By Sylvia Moreno
Washington Post Staff Writer
Tuesday, December 26, 2006
AUSTWELL, Tex. -- One of the most beloved groups of winter Texans is back, in the largest number in a century and with a record 45 youngsters in tow, including an even rarer seven pairs of twins.
They flew 2,400 miles from Canada's Northwest Territories and can be seen munching on blue crabs and bright red-orange wolfberries among the marshes of the Aransas National Wildlife Refuge.
The whooping crane, the tallest bird in North America, whose numbers dwindled to fewer than 20 in 1941, is not only back from the brink of extinction but also thriving -- a comeback story, federal wildlife officials say, that illustrates how a coordinated conservation effort can save a species.
"The whooping crane continues to mirror the success of endangered species recovery when man sets his mind to it," said Tom Stehn, the national whooping crane coordinator for the U.S. Fish and Wildlife Service. "We have come a long way, but we do have a long, long way to go."
This year, the nation's only natural wild population of whooping cranes reached a milestone. Stehn's mid-December census of the migratory crane flock at the wildlife refuge, where he is based, numbered 237. Combined with the number of birds in captivity in three special flocks raised for reintroduction to the wild and those in zoos, the crane population now numbers 518. This is the first time in more than a century that whooping cranes have numbered more than 500.
Deboarding from the tour boat Skimmer at Aransas one sunny morning a few days before Christmas, Mike Dixon explained why he and his family drove in from West Texas just to see the huge white birds and their rusty brown chicks.
"Those birds out there are the result of a whole lot of effort, money and concern to save a species, and that's exciting," he said.
Recovery efforts date to 1938, a year after the federal government established the Aransas Wildlife Refuge along the south Texas Gulf Coast. The salt marsh was known to be the winter home of several species of migratory birds, including the majestic whooping crane, with its long sinuous neck, height of five feet and wingspan of seven feet.
The cranes numbered just over 20 in the first census, in 1938. By 1941, the migratory flock was down to 15, largely because of shooting, the conversion of grasslands to agriculture and the draining of wetlands.
"This species was virtually four nesting females away from extinction, and that's why this is so significant," Stehn said. "It was just such a close call, such an incredibly close call."
The crane's breeding grounds were unknown until 1954, when a fire crew flying over Wood Buffalo National Park in Canada's Northwest Territories accidentally discovered the migratory flock. In the United States, the whooping crane was listed as a threatened species in 1968 and moved to the endangered list two years later, prompting a series of efforts to increase the flock's size.
From the mid-1970s to the late 1980s, whooping crane eggs were placed in sandhill crane nests in Idaho so the sandhill cranes could teach the whoopers how to survive in the wild, when to migrate and where to winter. But that whooping crane flock never paired or reproduced, and the last whooper in the Rocky Mountains died in 2002.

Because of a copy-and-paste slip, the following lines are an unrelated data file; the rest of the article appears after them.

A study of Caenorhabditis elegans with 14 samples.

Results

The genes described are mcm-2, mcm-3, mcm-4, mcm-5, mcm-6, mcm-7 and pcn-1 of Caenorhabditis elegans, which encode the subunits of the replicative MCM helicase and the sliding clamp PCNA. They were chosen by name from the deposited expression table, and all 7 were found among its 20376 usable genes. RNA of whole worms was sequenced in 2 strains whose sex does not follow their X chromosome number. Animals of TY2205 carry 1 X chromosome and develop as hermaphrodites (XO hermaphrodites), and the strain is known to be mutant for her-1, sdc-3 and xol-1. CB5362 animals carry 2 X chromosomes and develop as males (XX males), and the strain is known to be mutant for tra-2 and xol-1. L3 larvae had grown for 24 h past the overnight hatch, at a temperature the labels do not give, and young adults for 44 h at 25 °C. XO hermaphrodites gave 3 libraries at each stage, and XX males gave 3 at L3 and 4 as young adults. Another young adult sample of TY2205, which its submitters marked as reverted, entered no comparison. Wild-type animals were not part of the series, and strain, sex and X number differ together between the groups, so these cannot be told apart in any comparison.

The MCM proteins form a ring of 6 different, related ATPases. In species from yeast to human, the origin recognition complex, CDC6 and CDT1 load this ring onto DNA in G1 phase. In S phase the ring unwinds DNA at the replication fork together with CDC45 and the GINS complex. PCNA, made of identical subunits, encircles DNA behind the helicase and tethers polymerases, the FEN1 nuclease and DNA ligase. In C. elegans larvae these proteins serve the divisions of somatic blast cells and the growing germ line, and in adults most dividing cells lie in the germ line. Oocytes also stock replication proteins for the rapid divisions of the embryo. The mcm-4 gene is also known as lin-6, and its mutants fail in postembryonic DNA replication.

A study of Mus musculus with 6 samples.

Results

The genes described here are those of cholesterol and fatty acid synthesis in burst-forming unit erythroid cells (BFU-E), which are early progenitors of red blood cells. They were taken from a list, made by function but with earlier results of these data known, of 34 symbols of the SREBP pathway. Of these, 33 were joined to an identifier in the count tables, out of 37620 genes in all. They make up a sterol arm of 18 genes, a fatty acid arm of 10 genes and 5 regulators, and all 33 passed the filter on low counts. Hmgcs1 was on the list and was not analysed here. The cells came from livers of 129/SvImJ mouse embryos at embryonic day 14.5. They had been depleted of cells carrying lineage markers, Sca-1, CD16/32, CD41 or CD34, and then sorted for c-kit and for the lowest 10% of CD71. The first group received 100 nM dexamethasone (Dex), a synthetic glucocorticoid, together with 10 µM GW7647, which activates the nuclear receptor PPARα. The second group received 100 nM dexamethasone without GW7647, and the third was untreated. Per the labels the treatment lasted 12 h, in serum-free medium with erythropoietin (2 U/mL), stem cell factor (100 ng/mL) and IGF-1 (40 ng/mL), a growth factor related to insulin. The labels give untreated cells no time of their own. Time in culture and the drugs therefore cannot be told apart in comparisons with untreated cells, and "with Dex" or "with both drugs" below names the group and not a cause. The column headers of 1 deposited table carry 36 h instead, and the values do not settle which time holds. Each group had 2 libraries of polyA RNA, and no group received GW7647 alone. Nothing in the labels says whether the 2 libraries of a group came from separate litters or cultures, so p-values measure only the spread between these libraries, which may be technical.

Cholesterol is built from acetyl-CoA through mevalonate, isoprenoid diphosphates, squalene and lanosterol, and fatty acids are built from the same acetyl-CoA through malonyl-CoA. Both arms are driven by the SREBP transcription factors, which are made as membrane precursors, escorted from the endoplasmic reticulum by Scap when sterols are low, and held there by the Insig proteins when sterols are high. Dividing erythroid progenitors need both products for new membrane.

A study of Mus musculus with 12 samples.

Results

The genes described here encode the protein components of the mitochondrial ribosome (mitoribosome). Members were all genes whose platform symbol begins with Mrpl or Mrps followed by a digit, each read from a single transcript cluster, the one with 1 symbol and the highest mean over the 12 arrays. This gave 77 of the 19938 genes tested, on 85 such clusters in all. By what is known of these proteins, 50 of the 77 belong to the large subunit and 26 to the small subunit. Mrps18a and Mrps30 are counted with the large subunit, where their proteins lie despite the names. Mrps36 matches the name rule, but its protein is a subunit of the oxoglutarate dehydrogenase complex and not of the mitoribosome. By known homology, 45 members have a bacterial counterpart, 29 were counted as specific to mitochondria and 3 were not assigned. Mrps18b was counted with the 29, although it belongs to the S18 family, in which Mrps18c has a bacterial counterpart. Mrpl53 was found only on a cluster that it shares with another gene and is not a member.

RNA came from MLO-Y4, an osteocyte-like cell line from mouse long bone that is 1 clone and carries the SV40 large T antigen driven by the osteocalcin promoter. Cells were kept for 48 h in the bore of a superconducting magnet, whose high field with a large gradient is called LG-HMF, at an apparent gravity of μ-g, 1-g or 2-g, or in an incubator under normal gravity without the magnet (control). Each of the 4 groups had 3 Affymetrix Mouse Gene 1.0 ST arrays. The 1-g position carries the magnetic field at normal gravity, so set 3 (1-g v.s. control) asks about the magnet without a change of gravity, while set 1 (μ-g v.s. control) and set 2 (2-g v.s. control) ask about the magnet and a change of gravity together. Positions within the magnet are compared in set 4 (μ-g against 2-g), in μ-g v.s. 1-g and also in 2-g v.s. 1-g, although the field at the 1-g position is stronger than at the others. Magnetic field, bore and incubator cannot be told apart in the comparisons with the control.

U.S. scientists also developed a technique in the 1980s for raising whoopers in captivity by using crane handlers -- humans dressed in costumes that resemble cranes -- to raise chicks in isolation from actual human contact, so they grow up to be wild. Starting in 1993, many of those captive cranes have been released yearly in central Florida, where they have stayed because they never learned how to migrate, behavior that would normally be passed on by their parents.
In 2001, the Whooping Crane Eastern Partnership, an American-Canadian partnership of governments, nonprofit organizations, citizens and corporations, developed a method to teach captive-raised whoopers how to migrate so they could be introduced to the wild. Since then, young cranes have been led in migration every fall by gliders flying from the Necedah National Wildlife Refuge in Wisconsin to the Chassahowitzka National Wildlife Refuge in Florida, 1,200 miles away. The cranes return on their own in the spring.
These efforts involve the Canadian and U.S. governments; federal agencies such as the Fish and Wildlife Service and the Geological Survey; state agencies; conservation groups such as the Whooping Crane Eastern Partnership and the International Crane Foundation of Baraboo, Wis.; and local zoos.
"For all of us, this is exactly what we are all about: trying to get animals reproduced and back out in the wild," said San Antonio Zoo bird curator Josef San Miguel. His staff specializes in costume-rearing whooping crane chicks, some of which are donated yearly to the International Crane Foundation for the glider migration project.
"It's a group effort, and when you hear the birds are doing what we need for them to do, it makes us all feel good," San Miguel said.
Extremely good nest production this summer in Wood Buffalo National Park is credited with producing this winter's record flock at the Aransas refuge. Stuart Macmillan, a biologist at Wood Buffalo, cited favorable breeding conditions such as adequate water levels in ponds where cranes build their nests, an ample food supply and fewer natural predators.
Today's threats to the species are power lines, which cranes crash into during migration; loss of stopover habitat; a lack of genetic diversity; disease; and a decline in habitat conditions at the Aransas refuge because less freshwater is flowing into the salt marsh.
"There are a lot of threats out there on the horizon, and that's what worries us," Stehn said. The whooping crane is likely to remain on the endangered species list until the migratory flock numbers more than 5,000, he said.
Staff writer Matthew C. Wright contributed to this report from Austin.